In the March/April issue of Porcus we talked about the importance of gut health for pig performance. This follow-up article will detail some top tips on managing gut health for optimum pig performance.
Producers and veterinarians alike are being challenged to reduce antibiotic use in pig production, although we know there will be health challenges at times in which the welfare of the animal will be dependent upon antibiotic
One important component in setting a piglet up to thrive in the nursery is managing gut health. This starts as early as day one in the farrowing house as the piglet sucks for the first time. This is when the microflora of the gut is being established. The good bacteria in the gut play an important role in the development and function of the immune system. It is worth considering if your management strategies are facilitating or disrupting that process.
Step 1: Creating a healthy gut
Part of gut integrity or gut health refers to the ability of the gut to remain impermeable to bacteria. Tight junctions present in the small intestine play a role in maintaining gut integrity. When compromised, bacteria can pass from the lumen of the intestine and into the bloodstream, which opens the pig up to infection.
Dr Adam Moeser at Michigan State University compared the gut health of piglets weaned on day 28 vs day 18. His data would suggest that the 28-day weaned piglets maintained better tight junction function and gut integrity. These piglets had a less severe response to an Escherichia coli challenge and a more robust immune response post-weaning. An 18-day-old piglet will have more mast cells present in intestinal tissue. When activated, these cells can cause changes in gut integrity, which opens the door to infection.
Step 2: Overcoming the immunological gap
It is no secret that the key to nursery performance and health is getting piglets started on feed at placement. Cattle veterinarians will talk about the importance of keeping cattle on feed, not only from a performance standpoint but also from a health standpoint.
Any stress, whether it be environmental or nutritional, will cause an animal to be susceptible to infection. Some bacteria have a mechanism of sensing the onset of stress and have the ability to release toxins or shed a capsule exerting pathogenicity in response to that stress.
Until weaning, the piglet’s immune status is driven by the sow through colostrum and milk (passive immunity). It is only after weaning that the pig starts building up its own active immunity. Inevitably, there will be a period after weaning where the immune status of the piglet is low as passive immunity is fading out and active immunity has not been fully developed yet – this is the so-called immunological gap.
The challenge is to overcome this gap without using high levels of zinc and medication. By reducing this gap, the challenge becomes smaller and successful weaning in the future is achievable with minimal compromise to performance.
The message at the recent Zero Zinc Summit in Copenhagen, Denmark, in June 2019 was clear. There will not be a single solution to add to the feed that will replace pharmacological levels of zinc oxide, which means there is a need to focus on management, diet formulation, and different additives. It is also clear that this focus should already start during lactation to ensure that heavier and more robust piglets can be weaned.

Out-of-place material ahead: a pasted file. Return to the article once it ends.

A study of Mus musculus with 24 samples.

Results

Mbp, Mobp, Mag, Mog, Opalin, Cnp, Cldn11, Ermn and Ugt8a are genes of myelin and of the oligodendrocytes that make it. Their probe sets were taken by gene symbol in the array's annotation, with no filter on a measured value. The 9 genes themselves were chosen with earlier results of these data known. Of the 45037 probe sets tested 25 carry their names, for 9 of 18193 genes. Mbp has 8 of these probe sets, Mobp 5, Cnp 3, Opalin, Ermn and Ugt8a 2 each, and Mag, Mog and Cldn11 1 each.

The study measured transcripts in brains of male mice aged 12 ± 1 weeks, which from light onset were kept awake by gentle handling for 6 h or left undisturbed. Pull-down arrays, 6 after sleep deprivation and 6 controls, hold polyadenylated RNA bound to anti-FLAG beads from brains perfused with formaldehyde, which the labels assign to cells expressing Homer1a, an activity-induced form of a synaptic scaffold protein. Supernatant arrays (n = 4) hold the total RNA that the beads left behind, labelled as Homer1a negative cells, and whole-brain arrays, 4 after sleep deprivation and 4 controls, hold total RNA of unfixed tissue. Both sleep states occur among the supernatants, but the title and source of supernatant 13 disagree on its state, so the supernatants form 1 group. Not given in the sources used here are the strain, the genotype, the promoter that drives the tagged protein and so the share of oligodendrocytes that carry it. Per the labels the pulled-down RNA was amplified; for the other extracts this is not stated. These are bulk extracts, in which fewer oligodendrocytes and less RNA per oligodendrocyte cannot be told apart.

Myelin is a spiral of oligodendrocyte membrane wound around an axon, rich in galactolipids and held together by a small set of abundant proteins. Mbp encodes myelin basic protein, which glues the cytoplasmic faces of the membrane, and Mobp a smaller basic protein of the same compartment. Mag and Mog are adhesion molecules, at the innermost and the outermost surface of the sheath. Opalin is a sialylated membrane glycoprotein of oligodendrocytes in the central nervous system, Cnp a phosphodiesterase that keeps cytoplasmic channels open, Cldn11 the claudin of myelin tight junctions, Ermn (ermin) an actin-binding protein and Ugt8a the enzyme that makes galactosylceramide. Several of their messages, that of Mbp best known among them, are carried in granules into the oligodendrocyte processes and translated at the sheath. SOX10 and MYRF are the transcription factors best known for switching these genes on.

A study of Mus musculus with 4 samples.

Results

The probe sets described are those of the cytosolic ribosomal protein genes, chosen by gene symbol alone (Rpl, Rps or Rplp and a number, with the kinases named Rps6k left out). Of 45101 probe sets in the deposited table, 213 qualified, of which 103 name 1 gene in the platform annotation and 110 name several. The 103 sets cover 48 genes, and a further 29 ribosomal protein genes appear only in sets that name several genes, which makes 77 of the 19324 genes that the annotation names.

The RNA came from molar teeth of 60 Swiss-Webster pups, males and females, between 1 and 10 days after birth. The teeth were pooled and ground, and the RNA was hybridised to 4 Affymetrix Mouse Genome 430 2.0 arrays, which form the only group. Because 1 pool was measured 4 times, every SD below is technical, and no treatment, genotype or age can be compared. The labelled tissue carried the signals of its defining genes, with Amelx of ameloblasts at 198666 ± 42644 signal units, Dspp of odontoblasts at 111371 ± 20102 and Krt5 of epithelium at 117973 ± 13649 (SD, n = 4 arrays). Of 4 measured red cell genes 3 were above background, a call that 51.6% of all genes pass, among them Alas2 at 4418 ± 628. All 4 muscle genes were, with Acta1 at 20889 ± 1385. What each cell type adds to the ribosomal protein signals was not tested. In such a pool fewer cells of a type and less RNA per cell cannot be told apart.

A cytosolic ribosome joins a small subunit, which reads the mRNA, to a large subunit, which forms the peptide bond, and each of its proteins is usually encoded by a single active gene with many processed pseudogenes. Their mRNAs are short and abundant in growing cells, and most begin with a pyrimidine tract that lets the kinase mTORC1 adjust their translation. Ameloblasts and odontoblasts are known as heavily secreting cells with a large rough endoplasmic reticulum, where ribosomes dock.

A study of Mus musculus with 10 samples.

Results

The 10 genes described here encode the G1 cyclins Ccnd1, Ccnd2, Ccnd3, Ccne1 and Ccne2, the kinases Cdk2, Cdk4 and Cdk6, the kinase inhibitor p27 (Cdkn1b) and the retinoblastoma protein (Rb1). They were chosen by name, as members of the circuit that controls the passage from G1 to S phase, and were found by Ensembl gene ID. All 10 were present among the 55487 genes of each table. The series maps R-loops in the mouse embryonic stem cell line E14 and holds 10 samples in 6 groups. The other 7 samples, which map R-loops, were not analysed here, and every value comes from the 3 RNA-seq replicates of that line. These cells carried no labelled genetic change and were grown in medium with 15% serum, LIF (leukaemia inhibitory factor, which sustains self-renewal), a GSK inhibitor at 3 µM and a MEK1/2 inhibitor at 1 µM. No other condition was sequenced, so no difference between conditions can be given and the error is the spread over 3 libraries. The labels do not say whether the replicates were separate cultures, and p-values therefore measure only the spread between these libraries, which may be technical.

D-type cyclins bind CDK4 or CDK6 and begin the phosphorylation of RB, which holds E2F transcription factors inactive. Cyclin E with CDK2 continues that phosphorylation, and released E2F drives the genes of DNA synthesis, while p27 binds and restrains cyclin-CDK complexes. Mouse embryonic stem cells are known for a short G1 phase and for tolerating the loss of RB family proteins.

Step 3: Feeding the lactating sow
Improved feeding of the lactating sow is an economically efficient way to improve the quality of piglets.
First of all, the amount and quality of colostrum should be in focus. It is important that all piglets within a litter receive the required amount of colostrum. This is particularly true for herds with large litters.
Research has shown that feeding organic trace minerals increases the level of IgG in colostrum, which will give the piglets a good start and increase their immune competence.
Other studies have shown that organic zinc improves gut integrity. This is important for the weaned pig and, as such, an important part of the solution to replace high dosages of zinc oxide post-weaning. Given that tight junctions, which are holding the epithelial cells knitted together and ensuring optimal gut barrier function, are dependent on zinc, it makes perfect sense that using this highly absorbable zinc source makes a difference.
Step 4: Do your vaccination calculations
Considering the economics, increasing expenditure on vaccination will help reduce the need for antibiotics. Vaccinating pigs is the right way to boost their immune response and make them more resilient against diseases. While vaccinations have been used for a long time, they will become even more important in the future.
In the context of improving the immune response of weaned pigs, two very interesting studies were conducted, both of which involved pigs that were infected with Lawsonia intracellularis. The first study showed that pigs responded faster to the challenge when they were fed highly absorbable
organic zinc, as indicated by an increased percentage of pigs having antibodies. A quick immune response is critical to minimise the negative impact of an infection.
This first study also showed significantly fewer intestinal lesions – both in number and severity – when pigs were supplemented with an organic zinc source. The second study combined vaccination and adding organic zinc to the diet. This combination resulted in improved growth performance compared to vaccination in combination with supplementing inorganic zinc.
Looking to the future, where an increasing amount of money will be spent on vaccination, supplementing with highly absorbable organic zinc in pig diets becomes very interesting as it makes vaccinations more effective and improves gut integrity.